People hate on the United States a bunch, but we’re still number one when it comes to putting people in jail. The US has the highest incarceration rate in the world, even higher than China, which has a billion more people and, we’re told, an oppressive government. Peter Moskos has a modest proposal to solve this problem: Instead of locking people up, beat them with a cane. He wrote a book on the topic called In Defense of Flogging that’s half thought experiment and half serious policy suggestion. The idea is that a convict could choose whether to spend, say, six years in prison, or take 12 lashes on his ass. In the book—which is both fascinating and simply written— he talks about the history of prisons and the sheer stupidity of our current system, but the most interesting thing is that flogging could totally work. It’s mean enough to be a punishment (you’ll probably have scars from it), but it won’t destroy your life the way long a prison sentence would. Recently, I talked to Peter over a few beers and I think we solved the US’s incarceration problem.
VICE: Tell me the summary of the book you’ve been giving everyone who asks you about it.
Peter Moskos: Prisons suck. The book could have been called Why Prison?, but then no one would read it. By framing the debate from a flogging perspective, you can talk about how bad prisons are. Most people, at least on the liberal side, think flogging is cruel and barbaric. Then you give them the choice between that and prison and they’re like, “Oh, I’d pick flogging.” No one wants to go to prison because people don’t want to be locked in a cage. At some level, prison is a very bizarre form of punishment.
When I told people about the idea of replacing prison with flogging, they were worried that flogging would let people off too easily.
Good god, I hope we haven’t reached the point where flogging is too soft.
It depends on the crime. If you lash someone for selling weed or coke, everyone’s fine with that. But when you talk about murder…
Murder’s strange in that it has a low level of recidivism. Usually you kill someone because you want to kill that person, and you’re not as much of a threat [to society] as say a rapist or a pedophile. I do argue that some people need to be locked up, but it’s so few compared to who we have behind bars.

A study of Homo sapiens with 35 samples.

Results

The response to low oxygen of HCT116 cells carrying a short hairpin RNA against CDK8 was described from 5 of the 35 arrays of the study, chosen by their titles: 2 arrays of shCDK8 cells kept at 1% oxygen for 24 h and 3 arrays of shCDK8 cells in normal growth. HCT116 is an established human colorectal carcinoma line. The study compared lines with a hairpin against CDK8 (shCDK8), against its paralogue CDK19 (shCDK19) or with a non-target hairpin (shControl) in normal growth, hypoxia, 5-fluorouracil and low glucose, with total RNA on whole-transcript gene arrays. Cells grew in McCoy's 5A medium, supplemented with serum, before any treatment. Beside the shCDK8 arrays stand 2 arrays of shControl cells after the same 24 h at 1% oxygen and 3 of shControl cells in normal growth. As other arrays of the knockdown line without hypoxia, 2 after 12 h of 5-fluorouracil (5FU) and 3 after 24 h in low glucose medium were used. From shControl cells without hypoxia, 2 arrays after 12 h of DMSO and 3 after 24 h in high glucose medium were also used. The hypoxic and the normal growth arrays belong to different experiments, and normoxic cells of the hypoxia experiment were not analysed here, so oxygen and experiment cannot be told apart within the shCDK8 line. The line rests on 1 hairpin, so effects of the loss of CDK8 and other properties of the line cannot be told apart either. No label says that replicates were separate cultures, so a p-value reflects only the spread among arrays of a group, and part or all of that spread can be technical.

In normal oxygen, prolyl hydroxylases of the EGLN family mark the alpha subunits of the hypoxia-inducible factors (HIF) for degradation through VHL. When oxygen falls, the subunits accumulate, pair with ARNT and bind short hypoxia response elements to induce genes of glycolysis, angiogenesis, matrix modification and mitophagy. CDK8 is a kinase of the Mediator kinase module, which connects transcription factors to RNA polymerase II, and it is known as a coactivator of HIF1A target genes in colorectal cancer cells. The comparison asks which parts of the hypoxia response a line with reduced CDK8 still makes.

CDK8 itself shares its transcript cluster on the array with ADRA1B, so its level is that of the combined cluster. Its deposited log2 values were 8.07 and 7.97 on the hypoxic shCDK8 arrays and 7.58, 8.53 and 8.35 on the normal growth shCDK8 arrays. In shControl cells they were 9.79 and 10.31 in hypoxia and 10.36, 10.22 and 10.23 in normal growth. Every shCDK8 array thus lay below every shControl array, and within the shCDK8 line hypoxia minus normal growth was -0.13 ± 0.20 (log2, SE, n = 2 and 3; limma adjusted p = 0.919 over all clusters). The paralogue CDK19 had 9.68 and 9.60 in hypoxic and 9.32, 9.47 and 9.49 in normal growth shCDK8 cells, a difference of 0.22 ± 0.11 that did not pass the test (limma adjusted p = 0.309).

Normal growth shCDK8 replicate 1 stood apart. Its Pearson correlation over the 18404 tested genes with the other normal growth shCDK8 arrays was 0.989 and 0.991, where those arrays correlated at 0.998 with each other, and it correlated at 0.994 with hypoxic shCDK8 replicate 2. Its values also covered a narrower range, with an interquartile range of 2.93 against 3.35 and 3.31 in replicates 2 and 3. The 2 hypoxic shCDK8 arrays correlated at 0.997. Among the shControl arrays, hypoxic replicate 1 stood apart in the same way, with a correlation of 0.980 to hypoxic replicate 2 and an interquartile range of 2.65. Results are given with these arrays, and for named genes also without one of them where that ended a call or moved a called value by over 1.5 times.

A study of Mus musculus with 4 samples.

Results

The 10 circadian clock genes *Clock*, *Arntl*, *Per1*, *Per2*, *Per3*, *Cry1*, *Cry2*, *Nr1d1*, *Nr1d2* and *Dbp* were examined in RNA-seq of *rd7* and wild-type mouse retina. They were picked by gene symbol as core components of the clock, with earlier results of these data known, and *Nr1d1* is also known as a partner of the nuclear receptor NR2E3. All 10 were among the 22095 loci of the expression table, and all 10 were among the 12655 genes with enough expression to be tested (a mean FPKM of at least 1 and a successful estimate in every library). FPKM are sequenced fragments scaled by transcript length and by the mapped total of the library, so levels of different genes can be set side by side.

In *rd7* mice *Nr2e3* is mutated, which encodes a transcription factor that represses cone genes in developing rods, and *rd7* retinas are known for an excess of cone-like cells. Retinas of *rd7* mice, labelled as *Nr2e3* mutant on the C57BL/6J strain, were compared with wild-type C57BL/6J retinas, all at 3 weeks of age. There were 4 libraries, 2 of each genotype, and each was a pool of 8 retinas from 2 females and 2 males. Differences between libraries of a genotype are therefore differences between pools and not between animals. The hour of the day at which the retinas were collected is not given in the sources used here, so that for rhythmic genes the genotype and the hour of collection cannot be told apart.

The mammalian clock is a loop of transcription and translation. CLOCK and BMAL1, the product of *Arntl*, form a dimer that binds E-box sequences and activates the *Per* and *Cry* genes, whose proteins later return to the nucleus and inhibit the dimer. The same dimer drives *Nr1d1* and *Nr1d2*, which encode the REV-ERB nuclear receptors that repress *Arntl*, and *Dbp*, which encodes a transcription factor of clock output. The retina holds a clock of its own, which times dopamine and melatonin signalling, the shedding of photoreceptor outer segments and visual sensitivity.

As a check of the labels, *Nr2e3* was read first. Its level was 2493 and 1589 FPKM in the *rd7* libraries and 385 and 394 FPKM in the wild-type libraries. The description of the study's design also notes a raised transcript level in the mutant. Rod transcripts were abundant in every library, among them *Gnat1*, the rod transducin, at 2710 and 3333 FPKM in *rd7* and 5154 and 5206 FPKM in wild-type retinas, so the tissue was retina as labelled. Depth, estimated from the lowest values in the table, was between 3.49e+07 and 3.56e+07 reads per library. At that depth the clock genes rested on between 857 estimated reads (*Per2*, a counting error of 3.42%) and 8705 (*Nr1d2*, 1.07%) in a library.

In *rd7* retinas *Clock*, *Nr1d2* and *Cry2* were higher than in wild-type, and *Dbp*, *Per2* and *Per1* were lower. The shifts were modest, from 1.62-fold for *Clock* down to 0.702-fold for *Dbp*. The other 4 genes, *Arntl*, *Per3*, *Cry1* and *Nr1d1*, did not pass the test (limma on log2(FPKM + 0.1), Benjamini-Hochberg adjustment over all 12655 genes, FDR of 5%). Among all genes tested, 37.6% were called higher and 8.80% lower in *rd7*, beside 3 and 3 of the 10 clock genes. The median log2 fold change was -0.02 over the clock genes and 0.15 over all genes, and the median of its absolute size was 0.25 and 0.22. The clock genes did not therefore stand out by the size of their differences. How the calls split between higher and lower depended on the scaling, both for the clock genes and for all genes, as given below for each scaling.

There is a lot of anti prison literature out there—
Yeah, and it hasn’t done shit! That’s the problem. The anti prison people have been talking for 40 years, and all the while we’ve built up the prison industrial complex.
You come down pretty hard on left-wing prison reformers in the book.
They refuse to acknowledge how damn conservative America is. We need something radical, and something that has an element of punishment. That’s the problem with the anti prison people, they don’t want to punish people—or at least they come off that way. It’s all about rehabilitation for them. Even if we could completely reform prisoners in an instant, that’s not quite justice. They did something bad, they need to be punished.
You also talked about how prisons in America started out as a way to “reform” criminals, which you say is pretty much impossible.
If there is rehabilitation, it has to be separated from incarceration, because there’s no worse environment for rehab than prison. I mean, if you have problems that caused you to commit your crimes, you’re going to go to prison and get better? I hope the book helps people stop pretending that convicts leave prison better than they went in, because that’s never happened. What happens is they end up back in prison. That’s why prisons fail, because they don’t cure the criminal.
Flogging probably doesn’t either, but at least it wouldn’t pretend to.
Often I’m asked, “Does flogging work?” And not to sound like Bill Clinton, but it depends on what you mean by “work.” My usual answer is that it works because it’s not prison. It doesn’t fuck people up as much, and it’s a hell of a lot cheaper. It’s absurd that we spend billions of dollars on something that makes people more likely to commit crime.
What about other alternatives to prison? I was thinking about the stocks.
That’s not in the book because I wanted to keep it short, but I’m not opposed to stocks. It would be a good litmus test, because if the community doesn’t throw rotten tomatoes at the person in the stocks and shame them, maybe the law is wrong.
Speaking of alternatives, you note that the hated-by-liberals Arizona Sheriff Joe Arpaio should be praised for at least trying new things, like chain gangs.
He fails at the standards he sets. He’s not deterring crime, and what he does doesn’t work. But why are liberals so opposed to chain gangs? I know the answer: It makes them think of slavery. So liberals are more concerned with their squeamishness than the prisoners? Prisoners want to be on chain gangs because it’s not prison. It’s a desired assignment. I think chain gangs are good because it forces us to think, “Wow, look at that chain gang! Nineteen out of 20 of them are black!” There’s so much of this out of sight, out of mind attitude.
Can you see any problems with flogging?
There is a weakness to my argument—someone could mug you, get flogged, and then mug you on the way home.
Or if you really wanted to kill somebody…
And you failed? [laughs]
Yeah, you fail, get flogged, and you’re like, “I still hate them, so I better kill them now.”
That is a problem with flogging. But if the alternative is prison, we have to accept the fact that we’re going to lock up everyone forever, and we can’t do that.